If you carefully follow public policy you may already know that voting is a tremendous waste of time. Even if it weren't, though, one thing is for certain: the 2012 presidential election is high in the running for least important election of your lifetime. Whether Barack Obama, Mitt Romney, or Vermin Supreme wins in November, you're screwed in January. 

It's a tradition for politicians and do-gooders to let us all know that every fourth November we'll have a chance to vote in the Most Important Election of Our Lives — it's also a tradition to write about this tradition.

The presidential election allegedly offers voters a clear choice between (at least) two distinct paths for our country, but the similarities between the two leading candidates are striking. Conor Friedersdorf wrote a great post about why he could never vote for Obama or Romney based on their stances on drone warfare and civil liberties. Both Romney and Obama, a former cocaine user, have similar positions on the drug war. They have a history of similar health care proposals. They'll both increase spending. The list goes on. 

Obama and Romney also share one other important position that they will never, under any circumstance, deviate from: selling your future to subsidize old people's incomes — old people who are usually a lot wealthier than you are. The median net worth of a household headed by someone 35 or younger was only $9,300 in 2010. For a household headed by someone 75 or older, the median net worth was 2,231 percent higher at $216,800.

There are several reasons for old people to have higher net worth. They've had a lifetime to save, they've developed skills during their long careers that help them earn money. They're often better at managing their assets, and can be less prone to impulsive spending. One other factor leads to this large discrepancy in median net worth: every old person in this country is on welfare.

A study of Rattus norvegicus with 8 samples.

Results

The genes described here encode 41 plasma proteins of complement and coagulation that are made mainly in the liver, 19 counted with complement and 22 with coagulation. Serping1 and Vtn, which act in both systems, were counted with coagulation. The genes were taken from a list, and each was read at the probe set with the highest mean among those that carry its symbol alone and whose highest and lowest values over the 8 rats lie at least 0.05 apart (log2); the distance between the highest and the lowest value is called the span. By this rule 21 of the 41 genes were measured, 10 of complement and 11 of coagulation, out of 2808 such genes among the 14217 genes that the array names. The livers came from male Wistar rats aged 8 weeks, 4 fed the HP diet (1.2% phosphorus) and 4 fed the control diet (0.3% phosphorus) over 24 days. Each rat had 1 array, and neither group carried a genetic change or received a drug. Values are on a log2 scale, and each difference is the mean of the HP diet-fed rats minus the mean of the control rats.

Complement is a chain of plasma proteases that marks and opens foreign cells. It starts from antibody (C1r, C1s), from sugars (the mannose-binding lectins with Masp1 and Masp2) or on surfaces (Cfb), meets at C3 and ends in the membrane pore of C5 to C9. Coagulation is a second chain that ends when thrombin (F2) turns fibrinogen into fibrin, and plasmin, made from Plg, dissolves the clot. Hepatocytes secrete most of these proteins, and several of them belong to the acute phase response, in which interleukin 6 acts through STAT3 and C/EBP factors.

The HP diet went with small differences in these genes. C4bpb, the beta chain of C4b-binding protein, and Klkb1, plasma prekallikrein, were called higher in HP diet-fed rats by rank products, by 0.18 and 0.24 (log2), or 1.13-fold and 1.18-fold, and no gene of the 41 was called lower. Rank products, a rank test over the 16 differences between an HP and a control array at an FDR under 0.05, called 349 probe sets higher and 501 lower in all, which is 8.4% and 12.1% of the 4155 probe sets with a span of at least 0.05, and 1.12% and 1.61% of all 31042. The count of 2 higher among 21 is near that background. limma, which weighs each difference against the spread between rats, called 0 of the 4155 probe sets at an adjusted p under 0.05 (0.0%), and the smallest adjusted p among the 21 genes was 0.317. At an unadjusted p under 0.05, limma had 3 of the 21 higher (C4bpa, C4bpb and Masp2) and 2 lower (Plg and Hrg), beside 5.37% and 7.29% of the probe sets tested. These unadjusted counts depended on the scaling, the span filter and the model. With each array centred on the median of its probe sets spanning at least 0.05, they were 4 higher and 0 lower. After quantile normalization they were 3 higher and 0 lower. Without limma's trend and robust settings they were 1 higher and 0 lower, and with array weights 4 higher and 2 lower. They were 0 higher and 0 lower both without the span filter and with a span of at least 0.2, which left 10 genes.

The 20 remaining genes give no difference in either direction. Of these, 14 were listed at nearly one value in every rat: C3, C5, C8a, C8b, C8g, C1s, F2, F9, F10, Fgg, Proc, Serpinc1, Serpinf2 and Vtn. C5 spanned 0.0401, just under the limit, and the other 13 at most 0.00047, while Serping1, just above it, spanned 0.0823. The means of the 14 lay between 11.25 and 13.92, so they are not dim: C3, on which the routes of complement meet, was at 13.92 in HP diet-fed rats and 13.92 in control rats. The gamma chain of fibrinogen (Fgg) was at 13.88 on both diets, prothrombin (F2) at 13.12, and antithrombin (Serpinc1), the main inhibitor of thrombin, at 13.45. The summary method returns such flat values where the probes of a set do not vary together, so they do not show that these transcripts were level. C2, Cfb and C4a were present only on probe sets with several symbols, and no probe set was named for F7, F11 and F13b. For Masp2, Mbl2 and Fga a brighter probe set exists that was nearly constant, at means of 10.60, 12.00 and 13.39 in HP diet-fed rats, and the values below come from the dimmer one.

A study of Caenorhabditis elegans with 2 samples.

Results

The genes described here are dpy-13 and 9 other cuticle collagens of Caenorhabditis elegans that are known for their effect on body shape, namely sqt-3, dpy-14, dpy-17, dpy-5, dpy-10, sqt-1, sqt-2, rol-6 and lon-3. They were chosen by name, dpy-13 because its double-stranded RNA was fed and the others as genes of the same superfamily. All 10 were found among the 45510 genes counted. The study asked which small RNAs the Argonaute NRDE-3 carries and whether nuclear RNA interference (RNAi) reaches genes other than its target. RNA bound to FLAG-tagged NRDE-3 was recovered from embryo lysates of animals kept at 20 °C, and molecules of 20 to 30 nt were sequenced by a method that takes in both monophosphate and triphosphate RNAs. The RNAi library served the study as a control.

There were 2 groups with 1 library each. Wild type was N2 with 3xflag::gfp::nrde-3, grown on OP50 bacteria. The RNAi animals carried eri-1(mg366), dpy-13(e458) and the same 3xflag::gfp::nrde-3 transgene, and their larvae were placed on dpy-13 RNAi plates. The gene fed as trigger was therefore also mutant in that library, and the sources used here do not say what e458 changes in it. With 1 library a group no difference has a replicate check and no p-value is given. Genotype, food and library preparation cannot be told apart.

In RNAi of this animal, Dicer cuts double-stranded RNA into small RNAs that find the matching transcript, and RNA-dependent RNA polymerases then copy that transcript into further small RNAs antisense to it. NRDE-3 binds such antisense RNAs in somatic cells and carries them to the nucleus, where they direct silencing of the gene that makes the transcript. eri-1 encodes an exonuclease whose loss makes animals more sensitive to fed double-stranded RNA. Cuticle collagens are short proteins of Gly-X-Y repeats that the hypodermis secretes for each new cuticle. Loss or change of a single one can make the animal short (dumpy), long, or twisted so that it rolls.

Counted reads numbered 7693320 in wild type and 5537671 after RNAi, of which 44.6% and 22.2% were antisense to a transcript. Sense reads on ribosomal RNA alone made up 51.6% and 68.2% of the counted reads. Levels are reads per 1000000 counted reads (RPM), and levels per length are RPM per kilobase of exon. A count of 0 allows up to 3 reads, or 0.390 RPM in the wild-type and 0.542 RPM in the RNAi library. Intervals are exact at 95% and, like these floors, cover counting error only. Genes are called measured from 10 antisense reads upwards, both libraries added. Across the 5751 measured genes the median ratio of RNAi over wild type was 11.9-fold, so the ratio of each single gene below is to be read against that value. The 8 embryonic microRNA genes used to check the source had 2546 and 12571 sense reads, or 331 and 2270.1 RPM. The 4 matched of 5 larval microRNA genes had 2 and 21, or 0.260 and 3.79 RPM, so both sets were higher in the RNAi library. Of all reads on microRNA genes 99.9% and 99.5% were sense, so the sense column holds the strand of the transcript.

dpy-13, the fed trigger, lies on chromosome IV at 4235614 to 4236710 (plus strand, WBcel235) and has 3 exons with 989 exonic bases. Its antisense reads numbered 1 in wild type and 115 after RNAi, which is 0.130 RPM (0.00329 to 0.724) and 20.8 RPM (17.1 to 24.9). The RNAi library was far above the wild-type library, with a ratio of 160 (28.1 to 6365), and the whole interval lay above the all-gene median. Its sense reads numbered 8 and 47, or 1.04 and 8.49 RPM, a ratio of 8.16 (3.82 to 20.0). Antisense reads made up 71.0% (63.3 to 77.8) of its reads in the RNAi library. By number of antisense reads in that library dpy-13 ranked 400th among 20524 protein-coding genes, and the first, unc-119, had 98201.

Most Americans are eligible for Medicare, which covers most medical costs, once they turn 65. At 65, the federal government cuts a monthly check, the amount of which is somewhat based on past income. Both of these programs pay out until the beneficiary dies (sometimes longer).

Both programs are designed to sound like their legitimate private counterparts. People say things like "I've paid into Social Security my whole life" as if it were an investment account, and the government incorrectly refers to Medicare as health insurance. Both programs, however, are identical to welfare in terms of how they are actually structured. Taxes come in from workers,  and checks go out to old people regardless of how wealthy they might be. There are no accounts, and the money is not invested. The "trust fund" is empty.

Having every old person on welfare might not be such a bad deal for millennials if we could expect to go on the dole once we reach 65, but that isn't the case. Social Security and Medicare are broke. Right now, not in 2037

Someone born in 1990 will be eligible for Social Security, assuming the eligibility age is not changed, in 2055. By that time, the CBO projects that federal spending alone will consume more than half of GDP, with the growth in government due primarily to Social Security, Medicare, Medicaid, and interest payments on the debt caused by the programs. State and local spending will increase total government spending as a percentage of GDP significantly higher. It's unlikely that we'll ever reach this projected scenario, because it is simply unsustainable. In fact, leading economists of all political persuasions almost unanimously agree that entitlements will have to be slashed and taxes raised on all taxpayers to support this system.

This situation pits the economic interests of millenials against the economic interests of the elderly. Old people outnumber millennials, they vote in droves, and they will all be dead by the time the bill comes due. This allows politicians load young people up with debt without having to face any consequences. That is, as long as millennials keep voting for these same politicians. The only way to waste your vote this November is by giving it to a politician.